Special to The Telegram

Stereotype (Don-E Coady, Armondo Fowlow, Brad Morgan, Chris Kirby and Mark Marshall) rarely step onstage without channeling Freddie Mercury-style heart-and-soul and guts.

They always manage to inject Wembley-scale energy into every show, despite that their usual venue is about one-thousandth of stadium size.

"I love the big-voiced vibrato-laden voices of the late 70's like Paul Rogers (Free, Bad Company) or Paul Stanley (Kiss) or Ian Gillian (Deep Purple)," Don-E Coady says.

"And more contemporary guys like Chris Robinson from the Black Crowes. I'm a sucker for any guy or girl singer who can get up there and wail. Big voices. Love 'em."

Their sophomore record is called "2" - a hybrid of pop, rock and alternative, and promises to remind fans that although they spent a while in the lowlight, without playing for almost a year, they haven't gone anywhere.

"Maybe the reminder is for us," Coady said, mulling over how the addition of three new members may have altered band dynamic, "to remember how it feels to take music and shape your messages and hear the feedback they receive. Playing with Mark Marshall on drums and Brad Morgan on bass is a massive change because the rhythm section is the engine of a band.

"Chris Kirby on keys has been amazing, as well, because it adds that extra layer that we wanted for this time around - plus, he's a star in his own right. His debut CD "Chris Kirby on Rum and Religion" was my favourite '06 release, even before he joined the band."

Like most effectual music, each of the tracks on "Up Rock" tells a thought-provoking tale that is true to life, love, and the human condition. The songs reflect change, heartache, happiness, and living in the moment. Instead of listing the lyrics in the CD notes, Stereotype wrote a one or two sentence synopsis, telling it like it is.

"It's our typical like-it-is style," Coady admits, "'Runnin' Back' (is about how) there's nothing like being written off to put the fire in you. '2nite and Later 2nite' - How may times have you wished that you laid it all out, but choked? Here's an ode to your two cents. All the same, keeping your mouth shut is a good idea sometimes, but this song isn't about that."

Stereotype has evolved since its self-titled debut disc. Armondo Fowlow (guitar) describes it as a completely different experience.

"First of all, we had a rhythm section change plus a fifth member addition of keyboards. Having Don Ellis record the primary bed tracks took a lot of pressure off me and I could concentrate on being a guitar player instead of capturing sounds."

"I would say this album is wider sounding and has heavier guitar tones," Fowlow continues. "We also tried to bring a more dynamic sound to the album so it felt more like a live band rather than a slick product. Most of the tracks were recorded with all five members in a room playing together so what we lost in technical perfection we made up for in vibe."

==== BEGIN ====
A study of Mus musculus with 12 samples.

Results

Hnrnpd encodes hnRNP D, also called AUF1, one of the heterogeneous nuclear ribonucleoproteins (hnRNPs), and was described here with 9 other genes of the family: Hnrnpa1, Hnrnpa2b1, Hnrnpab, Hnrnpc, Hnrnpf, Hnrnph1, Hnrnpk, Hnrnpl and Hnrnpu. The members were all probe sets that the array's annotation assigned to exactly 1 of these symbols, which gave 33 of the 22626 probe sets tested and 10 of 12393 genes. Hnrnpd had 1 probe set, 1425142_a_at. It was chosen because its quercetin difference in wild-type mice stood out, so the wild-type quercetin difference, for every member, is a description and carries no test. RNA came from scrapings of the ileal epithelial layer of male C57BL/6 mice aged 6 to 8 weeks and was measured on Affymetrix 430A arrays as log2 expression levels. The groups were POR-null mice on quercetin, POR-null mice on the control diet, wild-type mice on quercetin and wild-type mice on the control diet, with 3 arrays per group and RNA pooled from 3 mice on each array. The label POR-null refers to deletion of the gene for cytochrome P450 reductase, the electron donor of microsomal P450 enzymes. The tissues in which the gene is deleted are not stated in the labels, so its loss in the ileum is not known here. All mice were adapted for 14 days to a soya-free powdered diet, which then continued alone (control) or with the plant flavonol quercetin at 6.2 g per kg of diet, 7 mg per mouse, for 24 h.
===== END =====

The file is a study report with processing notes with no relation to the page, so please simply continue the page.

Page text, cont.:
"Up-Rock" was recorded and engineered by Don Ellis and Armondo Fowlow at Ellis' studio, Fat Tracks. Ellis is one of the best-known music producers in the province. Hence, the calibre of collaborators in Stereotype's company lately is increasing.

They recently taped an episode of Rogers Television's "Out of the Fog" with Stu Young, a world famous sound engineer who has worked with the likes of Prince, Guns'n'Roses, Bryan Adams, and many others.

The episode airs today on Rogers Television.

Though they're thrilled to have wrapped up their second CD, it seems the true essence of Stereotype is to remain true to those arena rock vibes.

"Playing a show live is like flying a kite," Coady ponders.

"Capturing the mojo (the wind) and gaining momentum with each song (step) - you're all rocking out (running) together, pulling and being pulled by the string (the music) - you try not to trip up in each other's parts (feet) or the mojo (wind) escapes and the kite struggles for a moment - but you can't let anybody watching see or feel happen while you try to regain your mojo and keep it up."

Stereotype's new disc, "2" will be released at a rockin' shindig at The Dock Thursday at 9 p.m. featuring guest opener Jerry Stamp. - The Telegram


singles: The Last Thing, U Don't Know, Patient.

singles: Trip to Fall, Paper Cuts, One Time, Is It True



Defined by 5 and multiplied by 11 to equal ‘2’, the long awaited follow-up to Stereotypes 2005 self-titled debut is on route. With a growing collection of original material that honors a diverse range of influences, Stereotype remains committed to their 2003 action plan by delivering an even flow of original and classic up-rock - cementing their reputation as a progressive song writing band that fills both the soft seat and the dance floor with open-eared and faithful fans.